Big Island Sacred Places
More than just picture-perfect views and gorgeous beaches, the Big Island of Hawaii is filled with sacred places, a testament to the rich culture and heritage of the Hawaiian people. These places are a must-see for travelers who want to experience the fascinating history of the Big Island.
This temple was built by King Kamehameha I to honor Lono, the god of fertility. It served as the king’s personal refuge and was his home for the last years of his life. Many ritual prayers took place here. The heiau is within the premises of the Kona Beach Hotel. The Ahu'ena Heiau is located in Kailua-Kona.
Hawaii Volcanoes National Park
This national park, which includes a diverse range of ecosystems, is said to be the home of Pele, Hawaii's fire goddess, with the Halema'uma'u Crater as her residence. According to lore, her power controls the lava, fire, heat and anything related to volcanoes. Legend has it that if any person takes volcanic rock away from the park, then that person will be cursed by Pele until the rock is returned. The Pu'u Loa Petroglyphs are also located within the park. Meaning "long hill," Pu'u Loa is considered a sacred ground where fathers in the ancient Hawaii went and left their newborns’ umbilical cords as offerings to the gods in hope that they would grant long life to their children. The Pu'u Loa Petroglyphs are located at Hawaii Volcanoes National Park.
This luakini (human sacrifice) heiau was built by King Kalani'opu'u. The heiau was later visited by Captain James Cook in 1778-1779. It was here where Cook performed the first Christian ceremony in Hawaii, a funeral service for one of his crew members. The Hikiau Heiau is located within Kealakekua Bay.
This is the only temple that is believed to have been dedicated to surfing. It was used to pray for good surfing conditions. The Ku'emanu Heiau is located just north of Kahalu'u Beach Park, south of Kailua-Kona.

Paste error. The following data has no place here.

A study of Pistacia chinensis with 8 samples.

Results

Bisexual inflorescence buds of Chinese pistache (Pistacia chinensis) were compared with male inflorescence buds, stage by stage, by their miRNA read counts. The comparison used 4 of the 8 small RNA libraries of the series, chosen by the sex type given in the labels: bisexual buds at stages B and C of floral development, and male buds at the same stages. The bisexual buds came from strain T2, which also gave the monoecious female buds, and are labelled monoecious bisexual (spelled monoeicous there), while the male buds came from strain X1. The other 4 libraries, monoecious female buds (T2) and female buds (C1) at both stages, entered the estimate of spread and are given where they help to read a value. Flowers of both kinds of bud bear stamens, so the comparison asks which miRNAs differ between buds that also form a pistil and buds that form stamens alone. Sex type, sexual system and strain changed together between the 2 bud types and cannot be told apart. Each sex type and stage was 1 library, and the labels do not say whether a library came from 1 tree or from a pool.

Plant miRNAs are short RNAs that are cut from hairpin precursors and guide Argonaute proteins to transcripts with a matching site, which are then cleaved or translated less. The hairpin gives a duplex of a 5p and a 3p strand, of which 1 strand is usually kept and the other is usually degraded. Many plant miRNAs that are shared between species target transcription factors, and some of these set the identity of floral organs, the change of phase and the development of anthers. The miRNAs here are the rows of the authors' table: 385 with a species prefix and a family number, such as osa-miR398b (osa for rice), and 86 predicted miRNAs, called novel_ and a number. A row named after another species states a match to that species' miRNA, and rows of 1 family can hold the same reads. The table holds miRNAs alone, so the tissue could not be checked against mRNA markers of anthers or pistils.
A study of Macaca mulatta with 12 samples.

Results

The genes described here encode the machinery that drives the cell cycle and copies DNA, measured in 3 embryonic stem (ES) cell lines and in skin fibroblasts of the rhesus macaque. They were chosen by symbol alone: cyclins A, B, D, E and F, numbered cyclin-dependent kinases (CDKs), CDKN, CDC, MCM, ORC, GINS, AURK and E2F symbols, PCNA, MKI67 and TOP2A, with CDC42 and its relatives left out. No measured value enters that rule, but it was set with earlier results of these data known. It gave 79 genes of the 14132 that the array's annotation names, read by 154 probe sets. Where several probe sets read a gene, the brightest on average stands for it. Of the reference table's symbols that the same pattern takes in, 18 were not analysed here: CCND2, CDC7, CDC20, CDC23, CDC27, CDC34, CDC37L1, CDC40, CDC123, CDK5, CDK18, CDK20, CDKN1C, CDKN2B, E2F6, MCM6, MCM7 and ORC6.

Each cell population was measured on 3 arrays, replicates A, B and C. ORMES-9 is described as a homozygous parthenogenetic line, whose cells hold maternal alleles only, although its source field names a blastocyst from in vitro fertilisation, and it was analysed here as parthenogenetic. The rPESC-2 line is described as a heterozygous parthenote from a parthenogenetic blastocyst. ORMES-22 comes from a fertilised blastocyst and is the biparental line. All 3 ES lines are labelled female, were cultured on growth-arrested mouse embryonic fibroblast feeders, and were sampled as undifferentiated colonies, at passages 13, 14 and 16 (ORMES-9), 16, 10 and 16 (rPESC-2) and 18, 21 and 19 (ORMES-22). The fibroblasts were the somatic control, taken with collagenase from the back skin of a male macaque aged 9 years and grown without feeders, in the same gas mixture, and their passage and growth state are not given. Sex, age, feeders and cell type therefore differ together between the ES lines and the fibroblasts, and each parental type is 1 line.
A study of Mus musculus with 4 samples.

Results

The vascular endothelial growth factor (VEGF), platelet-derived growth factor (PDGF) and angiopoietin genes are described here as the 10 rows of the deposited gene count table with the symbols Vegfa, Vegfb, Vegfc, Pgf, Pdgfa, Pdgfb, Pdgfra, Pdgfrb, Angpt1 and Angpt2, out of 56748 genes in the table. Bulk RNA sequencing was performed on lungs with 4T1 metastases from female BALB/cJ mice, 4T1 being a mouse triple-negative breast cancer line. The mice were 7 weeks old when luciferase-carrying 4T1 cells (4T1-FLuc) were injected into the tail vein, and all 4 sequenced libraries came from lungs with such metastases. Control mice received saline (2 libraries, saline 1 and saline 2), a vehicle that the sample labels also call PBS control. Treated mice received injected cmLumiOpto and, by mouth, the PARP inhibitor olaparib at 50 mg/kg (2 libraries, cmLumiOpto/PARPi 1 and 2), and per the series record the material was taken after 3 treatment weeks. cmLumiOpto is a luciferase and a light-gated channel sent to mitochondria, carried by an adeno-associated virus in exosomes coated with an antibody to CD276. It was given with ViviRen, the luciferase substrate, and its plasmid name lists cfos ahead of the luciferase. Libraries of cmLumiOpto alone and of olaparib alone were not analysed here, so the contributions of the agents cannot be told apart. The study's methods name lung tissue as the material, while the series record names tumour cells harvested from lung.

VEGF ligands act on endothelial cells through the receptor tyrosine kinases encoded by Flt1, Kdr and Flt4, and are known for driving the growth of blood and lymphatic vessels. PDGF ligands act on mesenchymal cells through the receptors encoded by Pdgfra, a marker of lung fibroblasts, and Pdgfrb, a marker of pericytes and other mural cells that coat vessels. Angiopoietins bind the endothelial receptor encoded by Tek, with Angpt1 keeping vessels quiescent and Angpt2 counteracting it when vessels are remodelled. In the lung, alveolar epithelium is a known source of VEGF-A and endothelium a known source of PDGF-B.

This is one of the oldest and most significant heiau in Hawaii, built around AD 480. It is a luakini heiau, a heiau where human sacrifice took place. It was also a place where the ali'i nui (priests and chiefs) prayed and communicated with the gods and their ancestors. The Mo'okini Heiau is located near Hawi.
This massive boulder weighs about 7,000 pounds or 2 tons. According to an ancient legend, the person who could lift and turn the stone over would unite all of the Hawaiian islands and rule the kingdom, a feat said to be achieved by Kamehameha I. The Naha Stone is located in front of the Hilo Public Library.
This is one of the largest petroglyph fields in Hawaii, encompassing 223 acres. More than 3,000 ancient Hawaiian rock carvings are located here. The carvings include figures of humans, animals and deity symbols. The Puako Petroglyphs are locatd near Holoholokai Beach Park on the Kohala Coast.
Pu'uhonua o Honaunau
Ancient warriors, war victims and those who broke the law used to seek refuge at this sacred place, which includes houses, ancient fishponds and a heiau. The Pu'uhonua o Honaunau National Historical Park is located at Honaunau Bay.
Dedicated to the war god Ku, this sacrificial temple was built by Kamehameha I, with his cousin and rival as the first human sacrifice. An underwater site was also built on nearby Pelekane Beach as a sacred monument to Hawaii's shark god. The Pu'ukohola Heiau is located near Kawaihae on the Kohala Coast.